The Year is Complete!

Please feel free to look back through the 365 days of 2010 sunrises, but "a year of getting up to meet the day" is officially completed. There will be no more new posts.


Thank you so much for visiting.
A one year blog project in which I share a process of transitions: emptying of the nest, reacquainting with my rusty intellect, plowing onward with my first full length book, entering the second half of my first century, and generally reflecting on life.

(see Dec. 29th, 2009 entry for further explanation)

Tuesday, June 29, 2010

blue tarps in the yard

sunrise: 4:53

I went to a reading of a new play by Travis Baker the other day.  Travis is a local playwright and English teacher at UMaine - moved here from New York City about 6 years ago.   I've never done this before - attended a reading of a new play, still in a draft form of sorts. It was performed beautifully by actors reading their parts in folding chairs at the front of the theater. The author sat in the audience with everyone else and took part in a discussion afterwards.

The play is called "Under One Blue Tarp." It was hilariously funny and reached me on several levels. First of all - J and I have had this old broken John Deere lawn tractor under a fraying blue tarp in our yard for going on 2 years now.

The conflict in the play was between an old time Mainer, defending his right to keep all of his old junk under a blue tarp in his own yard, and a newcomer "from away," who has garnered power in the town government and helped pass a new ordinance disallowing tarped junk piles in yards.

Characters, timing, one-liners, sideline story developments -- all so skillfully done. With my praise and congratulations, however, I also told the play's author after the reading that I was disappointed in his ending. His quick and humble response was, "I'll work on that," but it was not my intention to suggest he change it.  Part of the power of the play is that it introduces a very real and all too common controversy in small towns in Maine (and in other states as well, for that matter).

I couldn't stop thinking about it - sure sign of a great piece of writing.  So I had to write down some thoughts.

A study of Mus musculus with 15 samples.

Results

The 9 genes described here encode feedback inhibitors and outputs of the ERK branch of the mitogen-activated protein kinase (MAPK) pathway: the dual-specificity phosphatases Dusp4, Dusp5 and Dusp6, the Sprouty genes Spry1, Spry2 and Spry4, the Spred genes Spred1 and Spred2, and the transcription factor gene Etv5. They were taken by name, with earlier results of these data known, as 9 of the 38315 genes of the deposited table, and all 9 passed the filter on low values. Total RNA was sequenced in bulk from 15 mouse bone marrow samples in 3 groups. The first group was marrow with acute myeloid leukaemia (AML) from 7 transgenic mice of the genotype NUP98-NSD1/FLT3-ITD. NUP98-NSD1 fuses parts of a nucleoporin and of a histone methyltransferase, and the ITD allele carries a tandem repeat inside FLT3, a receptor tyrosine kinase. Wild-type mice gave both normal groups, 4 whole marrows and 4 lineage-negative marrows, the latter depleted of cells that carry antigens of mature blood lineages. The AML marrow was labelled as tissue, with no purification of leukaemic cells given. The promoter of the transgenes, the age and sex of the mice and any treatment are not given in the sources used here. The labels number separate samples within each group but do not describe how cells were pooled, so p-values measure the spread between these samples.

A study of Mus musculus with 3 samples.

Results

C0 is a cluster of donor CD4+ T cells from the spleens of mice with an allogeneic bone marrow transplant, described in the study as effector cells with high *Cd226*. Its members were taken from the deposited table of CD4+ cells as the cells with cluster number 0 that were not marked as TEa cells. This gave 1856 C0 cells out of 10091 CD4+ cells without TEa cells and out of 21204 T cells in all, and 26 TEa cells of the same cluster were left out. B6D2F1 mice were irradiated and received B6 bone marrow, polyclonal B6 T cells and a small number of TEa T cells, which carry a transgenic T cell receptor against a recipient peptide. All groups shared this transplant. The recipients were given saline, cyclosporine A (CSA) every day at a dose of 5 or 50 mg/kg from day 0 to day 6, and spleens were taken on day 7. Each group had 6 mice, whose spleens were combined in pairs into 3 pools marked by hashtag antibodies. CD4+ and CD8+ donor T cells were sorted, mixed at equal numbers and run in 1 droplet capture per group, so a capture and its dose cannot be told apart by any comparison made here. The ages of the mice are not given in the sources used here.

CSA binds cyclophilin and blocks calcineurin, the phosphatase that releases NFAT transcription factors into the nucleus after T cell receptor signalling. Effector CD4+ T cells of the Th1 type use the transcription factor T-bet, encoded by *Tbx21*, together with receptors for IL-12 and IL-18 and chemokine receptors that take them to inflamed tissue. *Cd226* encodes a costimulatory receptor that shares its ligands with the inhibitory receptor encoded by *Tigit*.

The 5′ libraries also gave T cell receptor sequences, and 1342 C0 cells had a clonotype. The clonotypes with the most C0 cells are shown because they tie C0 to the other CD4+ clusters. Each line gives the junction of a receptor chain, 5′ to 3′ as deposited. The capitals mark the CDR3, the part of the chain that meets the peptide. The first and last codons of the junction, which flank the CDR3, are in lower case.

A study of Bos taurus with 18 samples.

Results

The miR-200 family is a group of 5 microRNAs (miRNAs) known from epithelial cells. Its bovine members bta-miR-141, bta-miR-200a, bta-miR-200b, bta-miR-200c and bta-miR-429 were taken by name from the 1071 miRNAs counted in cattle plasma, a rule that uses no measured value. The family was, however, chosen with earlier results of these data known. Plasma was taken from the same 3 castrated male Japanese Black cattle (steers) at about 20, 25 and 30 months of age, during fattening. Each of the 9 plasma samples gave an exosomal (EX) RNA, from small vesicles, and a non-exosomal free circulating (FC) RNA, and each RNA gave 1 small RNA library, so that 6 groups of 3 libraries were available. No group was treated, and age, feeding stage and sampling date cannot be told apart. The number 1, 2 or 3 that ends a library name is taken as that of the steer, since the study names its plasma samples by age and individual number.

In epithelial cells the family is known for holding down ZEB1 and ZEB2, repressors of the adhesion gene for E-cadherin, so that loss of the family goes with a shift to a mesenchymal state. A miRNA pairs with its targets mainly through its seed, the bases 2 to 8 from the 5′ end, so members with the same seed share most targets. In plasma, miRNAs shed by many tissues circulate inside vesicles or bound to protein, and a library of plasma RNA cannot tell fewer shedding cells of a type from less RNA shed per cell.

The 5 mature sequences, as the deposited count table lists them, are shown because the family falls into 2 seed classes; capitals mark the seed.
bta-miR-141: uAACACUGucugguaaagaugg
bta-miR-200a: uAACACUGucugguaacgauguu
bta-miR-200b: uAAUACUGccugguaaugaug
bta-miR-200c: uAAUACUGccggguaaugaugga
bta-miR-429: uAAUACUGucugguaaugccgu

Transplants from out of state are often charmed by the quaint, simplified lifestyle, the beautiful scenery, the old time neighborly pace of life in Maine.  So they leave their bustling eastern corridor lives behind and move northeast. Then begins the knocking of heads: Newcomers gently but insistently push the locals in their new home towns to change things just a little bit, and maybe a little bit more, in order to make their new surroundings more comfortable, more aesthetically pleasing, more progressive, more wealthy, or more attractive to even more newcomers.

Some dyed-in-the-wool locals are open to the idea of change, others are not. Who says that everyone wants growth and homogeneity and focus on the superficial appearance of things and elevated property values? In town after town all over Maine, especially in the tourist-centered coastal towns, that kind of change has priced old timers right out of town – out of the homes that have been in their families for generations. Transplants “from away” move in and create a whole new kind of community.

To those who value independence over superficial appearance, “more fitting to a common standard of aesthetic taste” is not a worthy goal – even if it improves the economy, even if it attracts more tourism, or perhaps especially if it attracts more tourism. A lot of Mainers just want to be left alone to carry on in the simplicity that has been Maine’s humble calling for generations.

I recently wrote an article about a man who built a crazy house of colors in Corinth, Maine.  He is the quintessential Mainer – loves to do things for himself and to be left alone.  He worries about building codes and enforced standards that officially disallow creativity and individualism.  The whole point of life’s endeavors is to determine your own sense of place and style and identity.

One of the things we loved about moving here was the fact that our realtor told us:  “no one will care what kind of car you drive or if your lawn is perfectly mowed or your house has fresh paint.”  That’s part of the beauty of Maine, and what attracts people here. 

Too many people want to come and remanufacture what the Maine culture should be, according to their own vision.  Yes, they may provide many improvements.  But improvements often come with strings attached.  It's not always worth the strings.

As it stands now, Travis Baker’s play comes out too heavily in favor of the newcomers (in my opinion).  Personally, I was disappointed, but by no means does that mean it should be re-written.  Opening controversy, provoking thought and discussion is one sure sign of the highest quality literature. 

I would love to have an audience filled with Mainers of all kinds see the show, then open the discussion and let the sparks fly.


  1. I sure would have loved to be there for that play? Being from the Belfast area, you hit the nail on the head about locals being priced out. I still love the simplicity of Maine and miss it when I am out of the country.

  2. Nice milkweed...I can imagine the newcomers not being happy about too much of that "weed" being allowed to grow in the yard. Makes it hard to get that Connecticut lawn look. Sure does make the Monarchs happy, though.

  3. There are a wide variety of uses for tarpaulins (tarps). One important use is to secure and protect
    lumber while it is being transported. It is important for lumber to be secured and protected
    while it is transported. The best and most cost efficient way to cover and protect lumber is with a tarp.